116 3rd St SE
Cedar Rapids, Iowa 52401
CEDAR RAPIDS — Goats may be let loose to graze in city parks in a pilot project next year as Cedar Rapids explores policy changes that would allow controlled livestock grazing to help manage primarily unmaintained areas of parks.
Parks and Recreation Director Hashim Taylor said a team is working on ways the city could possibly do a pilot program to allow goat grazing to clear unwieldy brush. The ideal location would be Bever Park, most likely in summer 2023, he said. The Bever Park Neighborhood Association issued a request for goat grazing there.
Cedar Rapids ordinances do not currently allow electric fences in parks, so that is among the policies officials are examining. City code also does not permit unleashed animals within municipal parks unless the area is designated as an off-leash space and a dog displays a permit tag within the area’s boundaries.
Taylor said he was “really excited about it as a possibility.”
Use of the goats would require low-voltage electric fences. There would be an effort to add signage and communicate with the public about the fences, but staff said the electric current would feel “like a tickle” for any human who might touch it. Secondary fencing also would be preferred.
Depending on how the possible program takes shape, Taylor recently joked with the Parks, Waterways and Recreation Commission “there’s a possibility we’ll have a goat division.”
Parks Superintendent Mitch Ahrendsen said after Cedar Rapids lost about two-thirds of its tree canopy in the August 2020 derecho, the city is seeing an uptick in invasive species, including in areas where the city would like to replant.
“It’d be a control measure to help these other trees we're trying to establish,” Ahrendsen said of the possible use of goats.
Ahrendsen said the goats would be used in no-mow or natural areas that staff can’t typically access to otherwise maintain.
Brendan Paul, president of the Bever Park Neighborhood Association, said the group is interested in replanting in the forested area of Bever Park to reestablish the ecosystem.
But first, he said the group hopes to use goats to tackle the invasive species that have grown since the devastating storm and been given a chance to take hold thanks to the sunlight that streams in because of tree canopy loss.
“Getting these goats back there and mowing everything down and kind of restarting, rebooting it, and then giving trees a chance to get out is the goal,” Paul said. “We'd love to test that.”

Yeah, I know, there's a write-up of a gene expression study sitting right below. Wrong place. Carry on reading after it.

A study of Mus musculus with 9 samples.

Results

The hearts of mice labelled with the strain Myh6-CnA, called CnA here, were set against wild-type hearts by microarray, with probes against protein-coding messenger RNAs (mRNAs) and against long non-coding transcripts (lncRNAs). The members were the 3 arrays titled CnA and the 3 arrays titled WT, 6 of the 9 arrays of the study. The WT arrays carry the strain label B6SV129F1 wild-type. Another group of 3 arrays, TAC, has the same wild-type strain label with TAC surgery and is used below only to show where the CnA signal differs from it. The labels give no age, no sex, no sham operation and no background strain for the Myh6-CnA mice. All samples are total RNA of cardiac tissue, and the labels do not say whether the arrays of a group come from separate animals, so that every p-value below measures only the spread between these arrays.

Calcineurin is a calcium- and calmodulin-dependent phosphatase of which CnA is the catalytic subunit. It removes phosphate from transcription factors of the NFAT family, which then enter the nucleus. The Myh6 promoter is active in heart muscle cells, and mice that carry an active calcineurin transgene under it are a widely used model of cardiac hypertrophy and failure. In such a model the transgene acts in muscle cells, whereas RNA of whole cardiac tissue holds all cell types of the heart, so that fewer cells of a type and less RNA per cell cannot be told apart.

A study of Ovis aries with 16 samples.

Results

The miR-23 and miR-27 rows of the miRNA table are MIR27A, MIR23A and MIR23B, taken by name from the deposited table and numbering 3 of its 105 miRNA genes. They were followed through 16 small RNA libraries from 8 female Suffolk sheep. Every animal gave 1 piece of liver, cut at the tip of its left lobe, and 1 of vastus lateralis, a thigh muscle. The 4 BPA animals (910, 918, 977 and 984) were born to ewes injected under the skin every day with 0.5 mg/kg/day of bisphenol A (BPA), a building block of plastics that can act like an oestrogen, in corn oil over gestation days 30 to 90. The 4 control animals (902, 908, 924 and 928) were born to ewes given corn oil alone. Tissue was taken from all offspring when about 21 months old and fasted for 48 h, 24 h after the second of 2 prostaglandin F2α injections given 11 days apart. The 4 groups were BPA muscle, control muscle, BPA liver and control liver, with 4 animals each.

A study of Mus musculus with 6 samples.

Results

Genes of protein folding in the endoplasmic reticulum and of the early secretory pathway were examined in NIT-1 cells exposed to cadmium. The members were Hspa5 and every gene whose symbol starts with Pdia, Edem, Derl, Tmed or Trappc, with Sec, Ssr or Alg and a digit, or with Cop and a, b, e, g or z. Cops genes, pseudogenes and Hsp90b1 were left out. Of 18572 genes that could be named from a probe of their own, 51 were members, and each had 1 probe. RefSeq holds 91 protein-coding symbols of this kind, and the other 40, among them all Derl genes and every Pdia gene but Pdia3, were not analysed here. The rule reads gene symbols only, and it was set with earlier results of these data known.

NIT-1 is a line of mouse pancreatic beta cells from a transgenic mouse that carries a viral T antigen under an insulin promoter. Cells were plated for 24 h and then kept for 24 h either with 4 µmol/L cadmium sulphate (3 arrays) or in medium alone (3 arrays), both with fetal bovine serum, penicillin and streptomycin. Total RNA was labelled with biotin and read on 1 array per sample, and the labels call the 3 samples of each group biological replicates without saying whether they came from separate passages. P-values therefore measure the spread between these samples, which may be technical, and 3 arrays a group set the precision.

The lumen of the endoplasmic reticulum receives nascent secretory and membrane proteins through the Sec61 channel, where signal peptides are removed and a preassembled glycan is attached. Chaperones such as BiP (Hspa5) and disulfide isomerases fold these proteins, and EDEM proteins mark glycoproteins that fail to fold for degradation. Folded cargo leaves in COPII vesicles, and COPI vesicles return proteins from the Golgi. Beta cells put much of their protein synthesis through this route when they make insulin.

Plus, Paul said the goats come with a novelty factor that draws people in to watch them on the job.
Chris Thoms, vice chair of the city’s Parks, Waterways and Recreation Commission, supported the idea at a recent meeting.
“As long as this has been around as an idea, I’m happy to see you are analyzing it,” Thoms said.
The city still has to determine the parameters of the pilot program, so there is no definitive cost at this time, Taylor said.
The city would contract for the goats. So far, staff have consulted with Toledo, Iowa, based Blue Collar Goatscaping to learn more about the possibility.
Adam Ledvina, owner of Blue Collar Goatscaping, said his business currently has between 300 and 500 goats. About 100 goats can clear an acre a day — usually thick, brushy or wetland areas.
He used to work for the Iowa Department of Natural Resources and that prompted the start of his business. The Iowa DNR was looking for ways to reduce the use of herbicides, cut down on expensive machinery and avoid the dangers of using human staff to work steep angles.
Some critics of the use of goats to cut down on weeds and invasive species say they don’t get at the root of the plants. But Ledvina said no fix is a one-and-done solution.
For instance, he said, herbicides would need to be sprayed again in another season, and there are negative environmental impacts with soil erosion and resulting water pollution. Machines also don’t get at the root, but disturb the soil. Goats leave the grass that’s supposed to be there, Ledvina said.
Ledvina typically works with the Iowa DNR, some cities and private landowners or conservation organizations. Smaller cities typically are able to swiftly make policy changes, Ledvina said, but a city of Cedar Rapids’ size has more bureaucratic hoops to jump through.
“The issue with a lot of cities is there are ordinances and they’re always kind of trying to work around those ordinances, whether it doesn't allow livestock or doesn't allow electric net fences or electric fences in general,” Ledvina said.
In recent years, his company completed a job near the General Store Pub in Stone City in Jones County. The goats cleared an area that spurred a recreational space with trails.
Most people love to watch the goats in the warmer months, Ledvina said, with some families sitting there for an hour or more to observe as the animals do their grazing work.
“Go watch the goats and it's a pretty good time, and they're friendly and they're just fun to watch do their thing,” Ledvina said.